Xin Jie Chen, PhD
- Associate Professor of Biochemistry and Molecular Biology
Research Programs and Affiliations
- Biochemistry and Molecular Biology
- Biomedical Sciences Program
- Research Pillars
Education & Fellowships
- PhD: University of Paris-Sud, 1987, Molecular and Cellular Genetics
- Mitochondrial biogenesis and inheritance, aging and aging-related degenerative diseases.
Link to PubMed (Opens new window. Close the PubMed window to return to this page.)
Mitochondria are the powerhouses that generate energy by oxidative phosphorylation (OXPHOS) to support cellular activities, and are the integrators of cellular signals that promote cell death. Mitochondria are also known as the “powerhouses of diseases and aging”, as mitochondrial dysfunction is associated with a rapidly growing number of aging-related neuromuscular degenerative diseases and metabolic disorders. How the mitochondrial function deteriorates during aging and how this in turn induces cellular degeneration are poorly understood. We use yeast, cultured cell lines and mouse as model systems to address these questions.
The ongoing research in our laboratory is focused on the following three projects:
(1) We are interested in understanding how mitochondrial dysfunction contributes to aging and aging-related diseases.
(2) We are interested in identifying evolutionarily conserved pathways that can potentially delay and possibly, reverse mitochondria-induced cellular degeneration.
(3) We investigate the mechanisms of mitochondrial DNA recombination, replication and repair. Elucidating these fundamental processes could help better understanding how the mitochondrial system degenerates during aging.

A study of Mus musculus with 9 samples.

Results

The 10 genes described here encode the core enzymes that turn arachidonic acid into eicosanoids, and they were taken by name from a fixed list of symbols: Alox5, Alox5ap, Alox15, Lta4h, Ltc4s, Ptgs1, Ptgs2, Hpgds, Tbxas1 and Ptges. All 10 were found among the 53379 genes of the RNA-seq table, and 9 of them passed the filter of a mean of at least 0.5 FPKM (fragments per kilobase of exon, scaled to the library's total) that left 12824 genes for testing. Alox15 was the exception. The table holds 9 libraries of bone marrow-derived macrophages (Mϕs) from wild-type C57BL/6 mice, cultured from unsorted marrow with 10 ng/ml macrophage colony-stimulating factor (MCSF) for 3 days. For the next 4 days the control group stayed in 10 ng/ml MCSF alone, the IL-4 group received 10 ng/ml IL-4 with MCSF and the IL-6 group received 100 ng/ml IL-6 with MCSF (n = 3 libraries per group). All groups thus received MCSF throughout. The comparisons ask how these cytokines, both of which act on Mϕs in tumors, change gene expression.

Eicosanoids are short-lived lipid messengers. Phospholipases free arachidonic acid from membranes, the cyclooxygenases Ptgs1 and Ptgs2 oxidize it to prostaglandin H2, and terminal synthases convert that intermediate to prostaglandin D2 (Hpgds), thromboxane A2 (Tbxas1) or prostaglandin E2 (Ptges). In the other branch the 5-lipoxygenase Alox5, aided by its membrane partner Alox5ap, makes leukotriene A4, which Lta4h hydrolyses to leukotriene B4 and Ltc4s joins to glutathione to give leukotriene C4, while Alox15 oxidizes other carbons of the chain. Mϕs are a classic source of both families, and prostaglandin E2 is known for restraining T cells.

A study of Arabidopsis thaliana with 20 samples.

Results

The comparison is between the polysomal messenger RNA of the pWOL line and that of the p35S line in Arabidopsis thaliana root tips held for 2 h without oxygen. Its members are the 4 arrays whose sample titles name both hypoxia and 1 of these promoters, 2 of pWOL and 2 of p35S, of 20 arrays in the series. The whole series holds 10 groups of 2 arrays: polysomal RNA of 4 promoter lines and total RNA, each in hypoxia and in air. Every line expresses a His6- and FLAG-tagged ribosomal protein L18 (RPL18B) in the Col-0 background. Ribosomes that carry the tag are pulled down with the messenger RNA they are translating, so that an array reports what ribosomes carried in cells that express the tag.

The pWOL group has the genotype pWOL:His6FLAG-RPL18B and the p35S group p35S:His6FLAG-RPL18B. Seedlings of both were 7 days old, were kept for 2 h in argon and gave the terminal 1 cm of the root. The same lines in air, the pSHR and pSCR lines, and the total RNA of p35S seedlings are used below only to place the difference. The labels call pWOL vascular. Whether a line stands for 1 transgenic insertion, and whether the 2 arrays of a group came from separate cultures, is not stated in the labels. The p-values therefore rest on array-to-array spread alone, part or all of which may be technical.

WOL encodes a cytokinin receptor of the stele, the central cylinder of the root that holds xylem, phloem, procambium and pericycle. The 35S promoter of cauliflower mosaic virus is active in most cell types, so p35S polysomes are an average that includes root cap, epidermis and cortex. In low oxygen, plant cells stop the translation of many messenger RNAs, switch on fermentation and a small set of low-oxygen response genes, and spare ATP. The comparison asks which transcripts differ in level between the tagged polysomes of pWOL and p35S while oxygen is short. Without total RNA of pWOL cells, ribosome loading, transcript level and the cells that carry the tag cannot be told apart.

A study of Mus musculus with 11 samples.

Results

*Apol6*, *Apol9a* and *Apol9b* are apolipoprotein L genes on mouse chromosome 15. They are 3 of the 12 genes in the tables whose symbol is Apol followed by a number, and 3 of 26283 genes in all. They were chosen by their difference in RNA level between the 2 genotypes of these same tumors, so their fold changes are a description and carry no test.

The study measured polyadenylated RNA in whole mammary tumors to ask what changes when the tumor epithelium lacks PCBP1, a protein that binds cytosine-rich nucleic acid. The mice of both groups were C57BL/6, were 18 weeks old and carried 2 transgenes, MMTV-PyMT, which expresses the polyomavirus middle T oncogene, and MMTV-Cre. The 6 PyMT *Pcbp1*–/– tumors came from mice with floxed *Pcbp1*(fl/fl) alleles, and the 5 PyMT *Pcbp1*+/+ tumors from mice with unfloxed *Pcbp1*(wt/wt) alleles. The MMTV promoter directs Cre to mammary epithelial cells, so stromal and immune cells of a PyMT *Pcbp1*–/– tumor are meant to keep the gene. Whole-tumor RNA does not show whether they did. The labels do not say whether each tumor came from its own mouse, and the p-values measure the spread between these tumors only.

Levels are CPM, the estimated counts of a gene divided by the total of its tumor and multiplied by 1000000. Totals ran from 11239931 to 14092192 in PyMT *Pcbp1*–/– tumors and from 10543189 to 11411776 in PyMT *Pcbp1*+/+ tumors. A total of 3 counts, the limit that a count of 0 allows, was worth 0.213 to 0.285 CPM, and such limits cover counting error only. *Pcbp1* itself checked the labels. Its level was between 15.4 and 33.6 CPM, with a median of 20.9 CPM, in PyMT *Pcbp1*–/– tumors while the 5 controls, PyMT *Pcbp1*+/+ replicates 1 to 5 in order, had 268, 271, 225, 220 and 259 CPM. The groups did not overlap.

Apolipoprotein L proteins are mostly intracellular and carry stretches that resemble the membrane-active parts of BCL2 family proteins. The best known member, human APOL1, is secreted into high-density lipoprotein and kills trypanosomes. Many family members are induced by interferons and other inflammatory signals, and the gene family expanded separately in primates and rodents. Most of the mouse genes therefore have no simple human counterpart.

Chen, X.J. (2013) Mechanism of homologous recombination and implications for aging-related deletions in mitochondrial DNA. Microbiology and Molecular Biology Reviews, in press.
Mbantenkhu, M., Wierzbicki, S., Wang, X., Guo, S., Wilkens, S., Chen, X.J. (2013) A short carboxyl-terminal tail is required for single-stranded DNA binding, higher-order structural organization, and stability of the mitochondrial single-stranded annealing protein Mgm101. Mol Biol Cell 24:1507-18.
Nardozzi, J.D. *, Wang, X.* (* equal contribution), Mbantenkhu, M., Wilkens, S. and Chen, X.J. (2012) A properly configured ring structure is critical for the function of the mitochondrial DNA recombination protein, Mgm101. J Biol Chem 287:37259-68.
Chen, X.J. (2011) The search for nonconventional mitochondrial determinants of aging. Mol Cell 42:271-273. (Preview)
Mbantenkhu, M.*, Wang, X.* (* equal contribution), Nardozzi, J.D., Wilkens, S., Hoffman, E., Patel, A., Costrove, M.S. and Chen, X.J. (2011) Mgm101 is a Rad52-related protein required for mitochondrial DNA recombination. J Biol Chem 286:42360-70.
Wang X, Salinas K, Zuo X, Kucejova B, Chen XJ. (2008) Dominant membrane uncoupling by mutant adenine nucleotide translocase in mitochondrial diseases. Hum Mol Genet. 17:4036-44.
Wang X, Zuo X, Kucejova B, Chen XJ. Reduced cytosolic protein synthesis suppresses mitochondrial degeneration (2008) Nat Cell Biol. 10:1090-7.
Eric Wohlford received a 2012 travel award from the American Society of Tropical Medicine and Hygiene and spent two months in Kenya working in the lab of Rosemary Rochford, PhD, professor and chair of Upstate’s Department of Microbiology & Immunology. Eric studied the effects of malaria on B cells (producers of antibodies that fight infection) and Epstein-Barr Virus infection in the region. “Tropical medicine is unique, in that small, focused improvements in patient care make dramatic improvements in the well-being of patients,” he said.